Veteran remembers Iwo Jima: 'I became cold and tough'
By GREG OLSON GOLSON | Jacksonville Journal-Courier, Ill. | Published: February 19, 2014
The past 69 years have not dimmed Warren Musch’s memory of his experiences on the volcanic island of Iwo Jima, the scene of some of the fiercest and bloodiest fighting of World War II.
For Musch, then a 23-year-old Marine second lieutenant from rural Virginia, Iwo Jima was where he got his first and only taste of combat.
Besides Musch, two other area men served in the Marines on Iwo Jima — Jerry Lowe of South Jacksonville and Raymond “Rip” VanWinkle of rural Roodhouse. Neither was available to talk this week.
Musch could hardly see Iwo Jima for all the smoke and dust created by heavy bombardment of the Pacific island as he and other Marines waited on the USS Lubbock, anchored about a mile offshore. U.S. military forces wanted Iwo Jima and its three airfields as a staging area for attacks on Japan’s main islands.
Around noon on Feb. 19, 1945, Musch and 35 other Marines, including 17 men in the combat intelligence section he was assigned to, boarded a landing craft and headed toward the place a reporter later described as “a nightmare in hell.” Musch’s landing craft hit the black sandy beach of Iwo Jima in the 13th wave of Marines to go ashore.
“I hit the beach and fell down,” said Musch, now 92 and living in Jacksonville. “There were two dead Marines with camouflage-painted faces lying on either side of me. I realized I could die at any time, so I became cold and tough. Being surrounded by death, you develop an inner strength to live. This is when the [Japanese] came out of their caves and began firing on the beaches. I realized the beach was no place to be as machine guns and mortars were raining shells all over the place. I started to raise up on the beach at one point and machine gun fire knocked sand in my face about four inches above my head.”
Musch and the 17 men he was with were responsible for keeping a map showing the advancement of the 3rd Battalion and making daily reports to the battalion commander, Lt. Col. Charles E. Shepard Jr., of the 28th Marines, 5th Marine Division.
On the battle’s fifth day, Feb. 23, Musch saw a fellow officer he knew — 1st Lt. Harold Schrier — lead a 40-man patrol up Mount Suribachi, where they raised an American flag — the first foreign flag to fly on Japanese soil.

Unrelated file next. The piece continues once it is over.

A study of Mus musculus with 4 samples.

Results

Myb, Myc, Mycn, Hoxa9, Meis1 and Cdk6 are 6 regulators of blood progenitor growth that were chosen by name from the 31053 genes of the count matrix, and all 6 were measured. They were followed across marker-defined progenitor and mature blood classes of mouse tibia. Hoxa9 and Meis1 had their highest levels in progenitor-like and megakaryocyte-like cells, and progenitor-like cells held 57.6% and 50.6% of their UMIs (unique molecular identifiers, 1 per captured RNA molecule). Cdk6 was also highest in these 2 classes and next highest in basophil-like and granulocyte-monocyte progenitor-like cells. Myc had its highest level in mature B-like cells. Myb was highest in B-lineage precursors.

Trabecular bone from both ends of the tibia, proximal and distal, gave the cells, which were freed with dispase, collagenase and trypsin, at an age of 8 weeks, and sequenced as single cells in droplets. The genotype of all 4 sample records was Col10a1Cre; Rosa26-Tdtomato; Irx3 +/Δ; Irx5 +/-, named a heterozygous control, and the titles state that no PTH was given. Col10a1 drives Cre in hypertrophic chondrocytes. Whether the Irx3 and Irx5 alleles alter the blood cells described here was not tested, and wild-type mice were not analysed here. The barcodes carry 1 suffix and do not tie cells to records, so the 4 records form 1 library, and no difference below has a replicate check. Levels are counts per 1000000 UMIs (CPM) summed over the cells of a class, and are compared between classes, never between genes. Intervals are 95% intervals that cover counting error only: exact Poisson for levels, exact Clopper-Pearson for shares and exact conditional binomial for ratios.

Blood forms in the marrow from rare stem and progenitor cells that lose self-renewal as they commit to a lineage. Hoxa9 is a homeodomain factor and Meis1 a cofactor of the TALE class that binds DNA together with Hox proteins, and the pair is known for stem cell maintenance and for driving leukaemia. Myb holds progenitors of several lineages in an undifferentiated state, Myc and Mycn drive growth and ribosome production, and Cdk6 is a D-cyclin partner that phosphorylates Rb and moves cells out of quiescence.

“I knew Lt. Schrier, but I didn’t know any of his men,” Musch said. “Lt. Schrier was a very good leader. He and I trained together at Camp Pendleton and then in Hawaii.”
Later on Feb. 23, five Marines and one Navy corpsman put up a second and much larger flag on Mount Suribachi, a flag raising immortalized by Joe Rosenthal’s photograph, an iconic image that has come to symbolize the Battle of Iwo Jima, the war in the Pacific and the Marine Corps itself.
Musch said he and his men did not see the more famous flag raising because they had moved away from Mount Suribachi and had their backs to the scene.
The five-week battle for Iwo Jima ended on March 26, 1945, but at a heavy cost. According to the Navy Department website, the 36-day battle resulted in more than 26,000 American casualties, including 6,800 dead. Iwo Jima was the only battle in which the overall American casualties [killed and wounded] exceeded those of the Japanese, although Japanese combat deaths were three times those of the Americans.
Of the 22,000 Japanese soldiers on Iwo Jima, only 216 were taken prisoner. The majority of the rest were killed in action, although there were estimates that as many as 3,000 continued to fight in the island’s cave systems well after the battle was declared won.
Musch and the 17 men in his combat intelligence section escaped the carnage of Iwo Jima relatively unscathed; two of the men suffered minor wounds. Musch said he believes that of those men only one is still living.
“The biggest thing I questioned for a long time was the amount of casualties we suffered on Iwo Jima and whether they were all necessary,” Musch said. But at an Iwo Jima survivors reunion in 1988, Musch met a World War II bomber pilot who said he believed the Marines died to save the lives of 27,000 airmen who landed on the island after the battle.
“After he spoke, I felt relieved that the effort was worthwhile,” Musch said.